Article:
Surprise marriage proposals: Planners share their worst horror stories
Chartered planes grounded by bad weather, cops stalling a flash mob, crackers going off at the wrong cue… there’s just so much that can go wrong.
You’re always supposed to look surprised at a marriage proposal. And as outsourcing peaked, companies began to pop up and offer to arrange the surprises for the proposer. They then expanded to birthdays and greetings too, allowing you to send out a customised thank-you poem or a singing clown or stage a flash mob.
But part of the risk, with an elaborate surprise, is that a) she’s not going to like it (sorry, guys, most recipients are still women) or b) the x-factor’s going to kick in and something’s going to go terribly wrong.
Most of the mishaps, planners say, occur in the marriage proposals, partly because they form the bulk of total events staged, and also because they tend to be the most elaborate. Charter planes grounded by bad weather, cops making arrests at a flash mob, crackers going off at the wrong cue… there’s just so much that can go wrong.
Crash, boom, bang
“Even when you plan months in advance, you really need the stars to align for you on the day of the event,” says Sakthi, founder of the Chennai-based surprise planning start-up the6.in.
Sakthi’s first bolt from the blue came in 2017, while staging a marriage proposal that was supposed to look like a movie set. “We wanted to recreate the proposal scene from the 2016 Tamil film Remo, so we positioned 25 people at 25 locations near the boy’s house, so that each one could light a firecracker at the same time, as the boy went down on one knee.”
The girl would be standing on the third floor of a building while this played out. The whole scene was planned over 45 days. What they didn’t take into account was a temple festival, one of many that occur through the year in Chennai. “The command for our guys was supposed to be the sound of a single cracker going off,” says Sakthi.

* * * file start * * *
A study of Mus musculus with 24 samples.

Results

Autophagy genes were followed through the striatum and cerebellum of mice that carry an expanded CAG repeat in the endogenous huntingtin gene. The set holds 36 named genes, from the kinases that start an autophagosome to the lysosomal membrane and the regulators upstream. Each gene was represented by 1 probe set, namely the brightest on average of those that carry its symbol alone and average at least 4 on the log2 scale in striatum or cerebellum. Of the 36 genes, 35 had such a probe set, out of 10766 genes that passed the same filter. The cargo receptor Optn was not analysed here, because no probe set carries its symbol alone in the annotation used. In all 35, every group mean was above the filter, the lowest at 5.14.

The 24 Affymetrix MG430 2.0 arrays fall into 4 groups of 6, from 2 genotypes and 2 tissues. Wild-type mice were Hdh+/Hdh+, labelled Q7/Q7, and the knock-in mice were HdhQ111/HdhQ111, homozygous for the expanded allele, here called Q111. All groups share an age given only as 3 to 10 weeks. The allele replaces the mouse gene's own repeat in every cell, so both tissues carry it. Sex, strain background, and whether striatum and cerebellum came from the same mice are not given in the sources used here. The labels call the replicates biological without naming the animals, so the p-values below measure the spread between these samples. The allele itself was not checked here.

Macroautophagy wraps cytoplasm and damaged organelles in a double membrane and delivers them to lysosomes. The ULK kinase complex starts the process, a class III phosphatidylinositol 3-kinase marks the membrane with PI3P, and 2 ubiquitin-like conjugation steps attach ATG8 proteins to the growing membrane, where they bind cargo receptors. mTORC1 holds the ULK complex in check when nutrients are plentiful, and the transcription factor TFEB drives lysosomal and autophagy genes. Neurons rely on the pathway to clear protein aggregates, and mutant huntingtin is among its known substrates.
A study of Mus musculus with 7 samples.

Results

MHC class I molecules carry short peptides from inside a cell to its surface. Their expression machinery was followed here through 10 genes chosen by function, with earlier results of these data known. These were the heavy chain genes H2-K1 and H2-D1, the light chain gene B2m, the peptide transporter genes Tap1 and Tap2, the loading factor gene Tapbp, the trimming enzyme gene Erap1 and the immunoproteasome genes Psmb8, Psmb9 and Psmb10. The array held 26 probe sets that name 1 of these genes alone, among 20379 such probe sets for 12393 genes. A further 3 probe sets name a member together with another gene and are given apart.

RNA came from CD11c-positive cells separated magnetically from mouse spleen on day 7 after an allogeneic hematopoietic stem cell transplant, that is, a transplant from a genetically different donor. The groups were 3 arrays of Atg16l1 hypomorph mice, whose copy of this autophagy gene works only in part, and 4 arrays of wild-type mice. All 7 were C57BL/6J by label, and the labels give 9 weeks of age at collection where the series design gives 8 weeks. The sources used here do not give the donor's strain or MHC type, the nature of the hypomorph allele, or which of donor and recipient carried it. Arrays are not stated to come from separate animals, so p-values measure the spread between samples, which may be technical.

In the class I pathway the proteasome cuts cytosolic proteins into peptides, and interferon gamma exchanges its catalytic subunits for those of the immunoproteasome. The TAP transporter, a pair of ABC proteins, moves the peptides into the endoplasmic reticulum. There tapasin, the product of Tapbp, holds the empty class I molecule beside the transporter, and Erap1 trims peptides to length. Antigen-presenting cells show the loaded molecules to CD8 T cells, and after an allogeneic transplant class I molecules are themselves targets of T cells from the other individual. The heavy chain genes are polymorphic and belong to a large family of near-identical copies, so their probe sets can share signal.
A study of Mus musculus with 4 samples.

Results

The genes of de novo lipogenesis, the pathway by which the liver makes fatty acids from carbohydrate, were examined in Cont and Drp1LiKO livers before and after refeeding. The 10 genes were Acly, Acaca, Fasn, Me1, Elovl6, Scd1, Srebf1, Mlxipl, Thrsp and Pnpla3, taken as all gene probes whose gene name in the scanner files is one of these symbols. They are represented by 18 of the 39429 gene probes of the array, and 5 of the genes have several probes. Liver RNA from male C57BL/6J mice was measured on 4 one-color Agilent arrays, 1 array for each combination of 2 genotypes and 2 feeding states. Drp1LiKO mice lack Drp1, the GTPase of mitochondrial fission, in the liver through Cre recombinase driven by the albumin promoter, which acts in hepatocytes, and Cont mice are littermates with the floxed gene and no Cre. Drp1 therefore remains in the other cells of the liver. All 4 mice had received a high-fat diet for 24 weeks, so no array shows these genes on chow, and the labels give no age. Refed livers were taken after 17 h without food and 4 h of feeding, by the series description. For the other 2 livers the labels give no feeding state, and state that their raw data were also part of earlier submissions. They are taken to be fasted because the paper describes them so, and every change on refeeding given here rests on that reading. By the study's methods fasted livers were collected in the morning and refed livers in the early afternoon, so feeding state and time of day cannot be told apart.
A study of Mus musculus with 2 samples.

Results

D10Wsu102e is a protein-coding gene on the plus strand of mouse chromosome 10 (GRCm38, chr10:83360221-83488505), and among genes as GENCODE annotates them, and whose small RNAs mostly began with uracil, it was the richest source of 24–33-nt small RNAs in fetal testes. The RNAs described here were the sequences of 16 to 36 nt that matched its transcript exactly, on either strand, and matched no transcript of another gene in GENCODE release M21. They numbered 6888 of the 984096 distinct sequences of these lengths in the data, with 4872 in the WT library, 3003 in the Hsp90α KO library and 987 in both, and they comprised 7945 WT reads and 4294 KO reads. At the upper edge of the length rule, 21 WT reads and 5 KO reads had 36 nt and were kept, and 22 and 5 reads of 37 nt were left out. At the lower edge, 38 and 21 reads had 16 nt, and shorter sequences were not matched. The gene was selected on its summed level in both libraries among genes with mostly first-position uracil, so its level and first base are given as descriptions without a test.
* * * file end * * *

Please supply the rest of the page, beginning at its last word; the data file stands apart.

“We were still setting up when we heard fireworks from outside a temple nearby, and I was just standing there with Sakthi,” says Augustine Abraham, still crestfallen at the memory. “We were doing the last of the terrace decorations — there were roses, fairy lights, arches. The 150 fireworks lit up the sky as we stood there, and there was no way to stop them.”
“A cardinal rule is to never panic!” says Sakthi. “Luckily we had an hour to go before the girl arrived and even though it cost me extra to recreate the scene for the couple, it was well worth it in the end.”
Oh, and she said yes. The couple married a year later, in 2018.
The sky’s the limit
For A, a Mumbai techie who asked that he not be named, there were no retakes, at least not on the first proposal. He popped the question in 2014, with a brief message written in the sky near the hill station of Lonavala (sky-writing was still legal in India then).
He was paying for each letter, so he kept it brief — ‘A <3 S’. “Unfortunately, that day was so windy, the message vanished even before she could lift her head. It cost me around ₹60,000. And she thought it was a real waste.” She didn’t say yes, either, though they did eventually marry in 2018.
In Hyderabad, Oye Happy almost had to call of one guy’s proposal altogether. “The plan was to send us up in a Cessna and from there he would point out to me, way below, a 60-ft-long banner spelling out the words ‘Will you marry me’,” says Rachel John. Unfortunately, the weather was so bad the plane couldn’t take off.
John had already arrived at the venue. Over the next hour, as she stood around wondering what was happening, the team quickly improvised, bringing in some puppies from a shelter nearby, called in a guitarist they knew, and had the puppies walked towards the girl with placards around their necks spelling out ‘Marry Me Please?’ She said yes.
Having your plane grounded or the girl saying no isn’t, as it turns out, the worst that can happen. Sakthi ended up spending the night in lock-up after he organised a flash mob on a beach without permission. “I learnt a lesson that day,” he says.
Then there are times when everything goes off well, the woman says yes, everyone’s grinning from ear to ear — and there are still no guarantees. “I lost the ring,” says Deep Mahaveer 28, a textile manufacturer from Coimbatore.
He proposed last year at a beautiful candlelit event at the Chhattarpur Farms in Delhi. “Just before Sakshi got there, I rushed in to change into my tuxedo. I was so excited, waiting for my cue to enter, and then I realised I’d misplaced the ring.”
Anjan Kaur, founder of The Proposal, one of India’s first proposal planning companies, kept his calm and fashioned a tin foil ring out of a soda can seal. “She laughed when he put it on her finger, and eventually they did find the ring,” Kaur says.
They were married in February. “But we’ll never forget our special start with the tin foil ring,” says Mahaveer.